Housecleaning National Treasures

Housecleaning National Treasures

July 18, 2002


As shocking as it may be, it seems that at least 13 people in the past 65 years have aimed spitballs at the fathers of our country.

Or perhaps it was one person with 13 spitballs.

In either case, the aim was true, and the spitballs “glommed” onto the lacquer finish of a famous oil-on-canvas mural that depicts the 28 signers of the Declaration of Independence as John Hancock presented the completed document.

When the mural was recently removed from the rotunda of the National Archives building at 7th and Constitution Avenues to be cleaned, “One of the bets the National Archives people had was how many spitballs we would find,” said Great Falls art conservator David Olin, whose firm was selected to clean the mural.

“There were spitballs, and all kinds of things on there. I think we only really found about 13 — big wads of dried-up paint stuck to the surface,” Olin said.

“They don’t allow people in there with sodas or straws; I don’t know how they did it. You could see them when you were just standing and looking [at the murals].

OLIN AND HIS STAFF removed the spitballs, along with other extraneous glop from the painting’s surface: dust, dirt, and “ambient grime” that accumulated in the 65 years since the paintings by Barry Faulkner were hung.

Olin Conservation, Inc., in Great Falls won a $2.4 million, two-year contract to remove, refurbish, and replace both the Declaration of Independence mural and a similar one that shows completion of the United States Constitution.

“They have undergone two previous attempts at restoration, but [were] never fully conserved like they are now,” said Olin.

“There have been noticeable buckles and distortions to the canvas, but no one has been really sure how to deal with them,” he said.

“In some places, the canvas had separated from the deteriorating plaster wall behind it,’ he said.

MOST OF THE PROBLEMS come from the “sizing,” a lining of white lead that binds the canvas to the plaster wall. “Years of moisture in the air make that lining deteriorate,” Olin said. “The sizing reduces the porosity of the canvas. This particular artist had used a lot of it.”

To remove the paintings, which are 13 .5 by 36 feet in size, Olin’s firm designed dual spools made of aluminum that are 16 feet tall. They were placed on a monorail track designed to moved along the curvature of the walls in the rotunda at an even pace as the canvas was separated from the wall.

“It took about two or three weeks,” Olin said. “Everybody had assumed it would take a lot longer.

In his previous experience removing murals, Olin found he had to chisel part of the wall away with the canvas, then come back and remove the fragments of the wall later, he said.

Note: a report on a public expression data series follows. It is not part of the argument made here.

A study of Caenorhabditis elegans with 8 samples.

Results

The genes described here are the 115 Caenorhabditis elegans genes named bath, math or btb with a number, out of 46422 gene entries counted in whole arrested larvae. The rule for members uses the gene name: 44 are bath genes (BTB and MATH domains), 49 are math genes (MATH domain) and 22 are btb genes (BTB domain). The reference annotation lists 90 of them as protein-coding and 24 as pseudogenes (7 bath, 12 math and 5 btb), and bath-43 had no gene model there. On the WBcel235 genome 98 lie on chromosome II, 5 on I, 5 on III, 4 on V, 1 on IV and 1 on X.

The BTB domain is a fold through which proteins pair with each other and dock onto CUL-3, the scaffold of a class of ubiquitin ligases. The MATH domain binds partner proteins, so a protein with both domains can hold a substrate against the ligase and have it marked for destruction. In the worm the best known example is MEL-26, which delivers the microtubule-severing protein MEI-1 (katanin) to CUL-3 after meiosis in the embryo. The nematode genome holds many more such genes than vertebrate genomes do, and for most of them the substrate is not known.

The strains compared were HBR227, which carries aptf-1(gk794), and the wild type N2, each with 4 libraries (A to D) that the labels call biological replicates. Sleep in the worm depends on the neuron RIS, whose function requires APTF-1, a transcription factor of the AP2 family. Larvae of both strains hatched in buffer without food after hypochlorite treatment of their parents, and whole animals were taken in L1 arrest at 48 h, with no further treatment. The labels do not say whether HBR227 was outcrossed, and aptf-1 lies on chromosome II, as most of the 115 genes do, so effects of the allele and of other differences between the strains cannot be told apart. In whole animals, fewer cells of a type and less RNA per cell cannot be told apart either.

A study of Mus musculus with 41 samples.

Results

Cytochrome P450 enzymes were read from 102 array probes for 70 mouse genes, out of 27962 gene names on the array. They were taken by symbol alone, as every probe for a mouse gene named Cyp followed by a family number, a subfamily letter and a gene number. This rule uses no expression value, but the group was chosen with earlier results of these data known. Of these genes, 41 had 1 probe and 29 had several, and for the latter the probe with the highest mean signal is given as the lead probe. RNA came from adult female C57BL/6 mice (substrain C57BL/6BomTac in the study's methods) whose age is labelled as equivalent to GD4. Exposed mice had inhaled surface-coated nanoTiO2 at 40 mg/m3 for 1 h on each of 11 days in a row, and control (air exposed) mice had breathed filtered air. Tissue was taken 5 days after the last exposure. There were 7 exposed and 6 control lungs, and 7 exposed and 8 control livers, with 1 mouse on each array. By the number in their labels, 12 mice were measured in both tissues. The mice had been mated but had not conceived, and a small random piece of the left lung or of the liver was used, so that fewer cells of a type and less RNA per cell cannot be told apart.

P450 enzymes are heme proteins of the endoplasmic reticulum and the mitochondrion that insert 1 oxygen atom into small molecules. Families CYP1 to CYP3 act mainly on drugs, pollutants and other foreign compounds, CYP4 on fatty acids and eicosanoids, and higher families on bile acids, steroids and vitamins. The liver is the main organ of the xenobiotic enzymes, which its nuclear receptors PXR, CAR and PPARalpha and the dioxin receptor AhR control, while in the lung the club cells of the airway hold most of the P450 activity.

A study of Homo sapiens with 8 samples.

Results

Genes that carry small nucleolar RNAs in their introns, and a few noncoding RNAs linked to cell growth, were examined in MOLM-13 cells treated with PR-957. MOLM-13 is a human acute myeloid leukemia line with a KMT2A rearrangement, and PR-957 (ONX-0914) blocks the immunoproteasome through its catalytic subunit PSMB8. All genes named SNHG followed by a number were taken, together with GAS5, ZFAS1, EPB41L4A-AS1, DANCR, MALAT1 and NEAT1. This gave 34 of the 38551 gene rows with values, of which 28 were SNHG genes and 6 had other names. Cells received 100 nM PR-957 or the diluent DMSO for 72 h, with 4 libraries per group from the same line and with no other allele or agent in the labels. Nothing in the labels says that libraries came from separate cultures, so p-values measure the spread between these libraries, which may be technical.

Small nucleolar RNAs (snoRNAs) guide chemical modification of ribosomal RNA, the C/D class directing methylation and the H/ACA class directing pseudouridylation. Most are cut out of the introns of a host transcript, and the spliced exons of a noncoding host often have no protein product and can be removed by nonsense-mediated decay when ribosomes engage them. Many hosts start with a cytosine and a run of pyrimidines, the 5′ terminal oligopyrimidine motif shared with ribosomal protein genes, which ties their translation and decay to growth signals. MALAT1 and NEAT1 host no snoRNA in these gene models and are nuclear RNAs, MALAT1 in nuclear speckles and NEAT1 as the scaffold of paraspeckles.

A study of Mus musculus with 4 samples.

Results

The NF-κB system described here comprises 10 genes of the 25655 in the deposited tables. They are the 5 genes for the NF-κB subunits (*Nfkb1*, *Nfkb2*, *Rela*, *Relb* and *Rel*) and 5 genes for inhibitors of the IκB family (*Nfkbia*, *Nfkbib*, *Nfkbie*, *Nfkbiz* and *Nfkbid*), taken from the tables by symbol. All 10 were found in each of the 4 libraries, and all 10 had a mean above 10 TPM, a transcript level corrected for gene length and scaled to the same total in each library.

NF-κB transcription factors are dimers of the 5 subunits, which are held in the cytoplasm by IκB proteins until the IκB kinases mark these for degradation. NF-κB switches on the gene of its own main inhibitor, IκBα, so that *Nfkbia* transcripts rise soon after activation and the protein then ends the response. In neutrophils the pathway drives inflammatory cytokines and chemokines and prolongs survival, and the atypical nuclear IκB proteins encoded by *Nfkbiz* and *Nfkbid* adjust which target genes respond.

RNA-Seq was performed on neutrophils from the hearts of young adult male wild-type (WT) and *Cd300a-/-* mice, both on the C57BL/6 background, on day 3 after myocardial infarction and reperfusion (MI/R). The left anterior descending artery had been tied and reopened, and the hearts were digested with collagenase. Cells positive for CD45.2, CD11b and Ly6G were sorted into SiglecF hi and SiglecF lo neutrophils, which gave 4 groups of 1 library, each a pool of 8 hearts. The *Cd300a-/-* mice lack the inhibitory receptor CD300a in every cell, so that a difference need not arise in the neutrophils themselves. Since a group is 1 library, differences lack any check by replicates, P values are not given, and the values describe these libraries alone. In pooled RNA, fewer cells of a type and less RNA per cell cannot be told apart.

But with the National Archives murals, he first applied a solution of water and vinegar to the surface of the canvas. “We were able to remove the sizing and leave the majority of the lead behind,” he said. “It should have taken about three months, but it took about three weeks” to remove the mural, he said.

“Once we got the mural off the wall and fixed the problems with the canvas, we removed the surface layers of grime and discolored and deteriorated varnish, as well as past repaints.

“Past restorers had subjectively covered areas with repaint," Olin said.

The National Archives is closed temporarily as it undergoes a $100 million renovation, including cleaning and repairing the two famous murals. They get as many as two million visitors in a year, Olin said. Olin Conservation, which has six employees in Great Falls, will need about two years to complete the work, Olin said. The firm was one of four invited to bid on the job.

“One of the things we did that no one else seemed to recognize is that in putting [the murals] back up on the wall, they will be subject to the same problems with the plaster in the old building,” he said.

“There is incompatibility between the plaster and the canvas.

“We designed an aluminum, honeycomb panel that is fabricated to fit the space these murals go in.

“They will go back on a much more stable aluminum panel” that takes 13 months to build and costs $200,000.

AFTER OLIN REPAIRS tears in the canvas and damaged paint, the murals will be returned “in a fashion where they will stay in good shape,” Olin said.

The two paintings, commissioned in 1934 and completed two years later, are imaginary views of the completion of the two famous documents, the artist’s depiction of what news photographers would capture if they were written today.

Completion is expected in time for Constitution Day in September, 2003, said Olin.